Quartet Of NE China Cities Announce Cancellation Of Alumina Projects

Liaoning China

Only days after the announcement by one northeastern Chinese city’s announcement that it would not go forward with what was planned to be the biggest alumina refinery on Earth, four more cities in the province announced that their own plans for alumina operations met their end on the chopping block as well.

On Monday, wire reports revealed that four Liaoning cities, namely Fengcheng, Fuxin, Gaizhou and Huludao, axed projects totaling 18.5 million metric tons per annum of smelting capacity in their respective cities.

According to the reports, Fengcheng’s municipal government announced on Friday the termination in May of plans by Hangzhou Jinjiang Group to build a refinery with a nameplate capacity of 6 million metric tons per year on account of unspecified environmental concerns.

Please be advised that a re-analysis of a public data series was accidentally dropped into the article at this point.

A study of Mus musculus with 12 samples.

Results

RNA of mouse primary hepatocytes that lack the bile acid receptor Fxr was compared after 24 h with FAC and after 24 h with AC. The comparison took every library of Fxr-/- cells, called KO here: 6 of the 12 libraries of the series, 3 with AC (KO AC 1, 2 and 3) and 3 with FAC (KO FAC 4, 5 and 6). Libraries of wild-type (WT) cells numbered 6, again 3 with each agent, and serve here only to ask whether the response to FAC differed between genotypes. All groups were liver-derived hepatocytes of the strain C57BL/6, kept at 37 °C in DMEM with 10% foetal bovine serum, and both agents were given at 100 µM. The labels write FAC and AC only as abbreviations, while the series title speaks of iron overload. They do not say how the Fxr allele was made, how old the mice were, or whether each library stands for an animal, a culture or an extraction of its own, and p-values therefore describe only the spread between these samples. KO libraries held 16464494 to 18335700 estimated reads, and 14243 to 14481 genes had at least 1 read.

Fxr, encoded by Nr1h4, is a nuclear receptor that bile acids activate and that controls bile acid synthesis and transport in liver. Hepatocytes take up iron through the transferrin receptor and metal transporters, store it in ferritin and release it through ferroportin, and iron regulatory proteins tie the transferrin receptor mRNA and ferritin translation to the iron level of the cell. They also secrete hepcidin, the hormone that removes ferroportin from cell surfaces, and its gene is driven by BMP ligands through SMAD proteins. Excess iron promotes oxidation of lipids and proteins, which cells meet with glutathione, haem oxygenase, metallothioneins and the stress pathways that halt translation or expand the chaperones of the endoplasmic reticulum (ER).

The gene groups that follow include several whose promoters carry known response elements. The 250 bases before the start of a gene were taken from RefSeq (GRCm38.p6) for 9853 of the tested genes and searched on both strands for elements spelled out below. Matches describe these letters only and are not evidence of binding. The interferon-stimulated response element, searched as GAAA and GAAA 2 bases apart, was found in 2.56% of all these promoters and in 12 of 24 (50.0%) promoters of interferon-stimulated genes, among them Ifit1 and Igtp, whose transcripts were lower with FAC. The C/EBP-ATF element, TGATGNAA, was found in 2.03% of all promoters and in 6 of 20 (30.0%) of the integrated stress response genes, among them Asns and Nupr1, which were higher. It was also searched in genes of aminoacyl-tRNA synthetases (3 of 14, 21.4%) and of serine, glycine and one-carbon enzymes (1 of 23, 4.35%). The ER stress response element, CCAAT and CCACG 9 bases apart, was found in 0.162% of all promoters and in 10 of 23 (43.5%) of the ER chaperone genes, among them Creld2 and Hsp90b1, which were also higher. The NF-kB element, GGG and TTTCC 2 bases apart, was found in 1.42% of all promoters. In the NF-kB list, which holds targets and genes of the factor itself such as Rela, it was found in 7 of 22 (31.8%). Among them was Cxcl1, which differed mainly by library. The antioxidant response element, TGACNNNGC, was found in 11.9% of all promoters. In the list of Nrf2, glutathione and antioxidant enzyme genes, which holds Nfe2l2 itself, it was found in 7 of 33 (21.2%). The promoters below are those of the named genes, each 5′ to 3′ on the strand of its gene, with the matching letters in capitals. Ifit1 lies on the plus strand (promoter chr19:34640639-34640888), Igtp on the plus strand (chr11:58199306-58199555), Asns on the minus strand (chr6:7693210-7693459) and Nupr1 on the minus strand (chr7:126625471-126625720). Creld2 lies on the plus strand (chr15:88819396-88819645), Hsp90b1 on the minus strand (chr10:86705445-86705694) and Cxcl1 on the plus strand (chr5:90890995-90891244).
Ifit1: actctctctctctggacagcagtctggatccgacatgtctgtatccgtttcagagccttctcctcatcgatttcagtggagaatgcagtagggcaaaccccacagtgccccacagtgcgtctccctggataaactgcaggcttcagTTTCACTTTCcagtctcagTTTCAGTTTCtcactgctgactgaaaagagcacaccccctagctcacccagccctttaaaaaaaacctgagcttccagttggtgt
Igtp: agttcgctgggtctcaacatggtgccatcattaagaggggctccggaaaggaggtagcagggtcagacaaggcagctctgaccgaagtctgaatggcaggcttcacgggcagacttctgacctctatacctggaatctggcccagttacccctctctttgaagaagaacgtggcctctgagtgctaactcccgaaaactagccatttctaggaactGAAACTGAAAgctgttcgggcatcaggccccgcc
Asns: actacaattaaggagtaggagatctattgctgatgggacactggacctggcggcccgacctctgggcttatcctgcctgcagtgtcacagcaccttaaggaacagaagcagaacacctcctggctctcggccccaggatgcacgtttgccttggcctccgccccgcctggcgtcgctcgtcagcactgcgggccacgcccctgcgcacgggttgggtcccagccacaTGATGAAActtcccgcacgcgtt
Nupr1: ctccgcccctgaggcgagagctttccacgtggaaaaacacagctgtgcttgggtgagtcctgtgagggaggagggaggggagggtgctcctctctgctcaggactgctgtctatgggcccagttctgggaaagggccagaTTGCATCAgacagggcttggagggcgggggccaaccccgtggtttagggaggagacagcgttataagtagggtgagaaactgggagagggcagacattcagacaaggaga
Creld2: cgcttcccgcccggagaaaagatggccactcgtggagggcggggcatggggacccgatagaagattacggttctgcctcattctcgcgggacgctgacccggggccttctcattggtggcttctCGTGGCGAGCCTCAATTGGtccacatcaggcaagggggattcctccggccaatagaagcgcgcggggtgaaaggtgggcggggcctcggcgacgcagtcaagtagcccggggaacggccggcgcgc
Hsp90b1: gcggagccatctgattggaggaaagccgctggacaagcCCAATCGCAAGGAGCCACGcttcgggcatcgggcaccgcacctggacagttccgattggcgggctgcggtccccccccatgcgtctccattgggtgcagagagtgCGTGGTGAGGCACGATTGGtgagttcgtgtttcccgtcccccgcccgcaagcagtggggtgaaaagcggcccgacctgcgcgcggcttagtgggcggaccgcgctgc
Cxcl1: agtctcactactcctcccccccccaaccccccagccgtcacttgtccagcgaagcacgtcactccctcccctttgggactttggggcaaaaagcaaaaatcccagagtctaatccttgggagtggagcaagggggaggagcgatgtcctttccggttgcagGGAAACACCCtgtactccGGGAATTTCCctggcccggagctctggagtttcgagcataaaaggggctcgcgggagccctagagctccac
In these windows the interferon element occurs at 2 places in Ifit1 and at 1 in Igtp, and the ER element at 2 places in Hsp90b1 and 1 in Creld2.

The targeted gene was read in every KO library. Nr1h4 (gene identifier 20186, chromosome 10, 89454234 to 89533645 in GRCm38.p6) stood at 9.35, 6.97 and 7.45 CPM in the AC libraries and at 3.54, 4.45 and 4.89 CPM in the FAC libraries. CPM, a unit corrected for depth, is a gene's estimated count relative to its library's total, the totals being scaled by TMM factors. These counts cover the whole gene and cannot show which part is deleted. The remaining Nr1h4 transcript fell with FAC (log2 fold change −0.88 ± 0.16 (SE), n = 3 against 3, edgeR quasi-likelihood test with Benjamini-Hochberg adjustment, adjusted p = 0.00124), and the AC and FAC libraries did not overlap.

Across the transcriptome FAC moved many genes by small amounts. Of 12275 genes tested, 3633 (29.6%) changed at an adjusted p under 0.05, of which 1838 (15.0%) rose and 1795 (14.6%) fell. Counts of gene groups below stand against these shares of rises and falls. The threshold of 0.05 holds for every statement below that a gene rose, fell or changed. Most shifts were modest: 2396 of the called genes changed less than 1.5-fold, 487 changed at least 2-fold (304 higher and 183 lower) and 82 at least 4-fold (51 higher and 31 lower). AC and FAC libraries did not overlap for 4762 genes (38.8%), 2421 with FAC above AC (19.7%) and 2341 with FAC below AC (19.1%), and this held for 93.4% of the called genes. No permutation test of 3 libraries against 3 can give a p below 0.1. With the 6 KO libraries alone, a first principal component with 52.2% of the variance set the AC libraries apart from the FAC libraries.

The city government of Huludao followed suit on Saturday, indicating that it was bowing to concerns regarding environmental degradation as well, following environmental-protection rules. The same day saw the Fuxin city government announce that negotiations on an aluminium refinery of their own had been terminated as well.

The Gaizhou municipal government ended the weekend by declaring that it had given in to popular appeal by shutting down Bosai Group’s plans to construct a 2.5 million metric ton per annum alumina refinery in its city.

On Wednesday last week, the $US3.4 billion project planned for Chaoyang in Liaoning province was axed after public consultation on the plan. Per the city’s website, “differing opinions” expressed by Chaoyang’s residents regarding environmental assessments of the project prompted the move. The planned refinery would have become the world’s largest if built, its 10 million metric tons per annum capacity surpassing that of Norsk Hydro’s Alunorte alumina refinery in Brazil.

Though ultimate motives are unclear, the announced cancellations come as Beijing continues a public show of curtailing excess aluminium capacity in the Middle Kingdom. Last week also saw the confirmation by the central government that winter capacity cuts would again be instituted in mid-November due to air-quality concerns.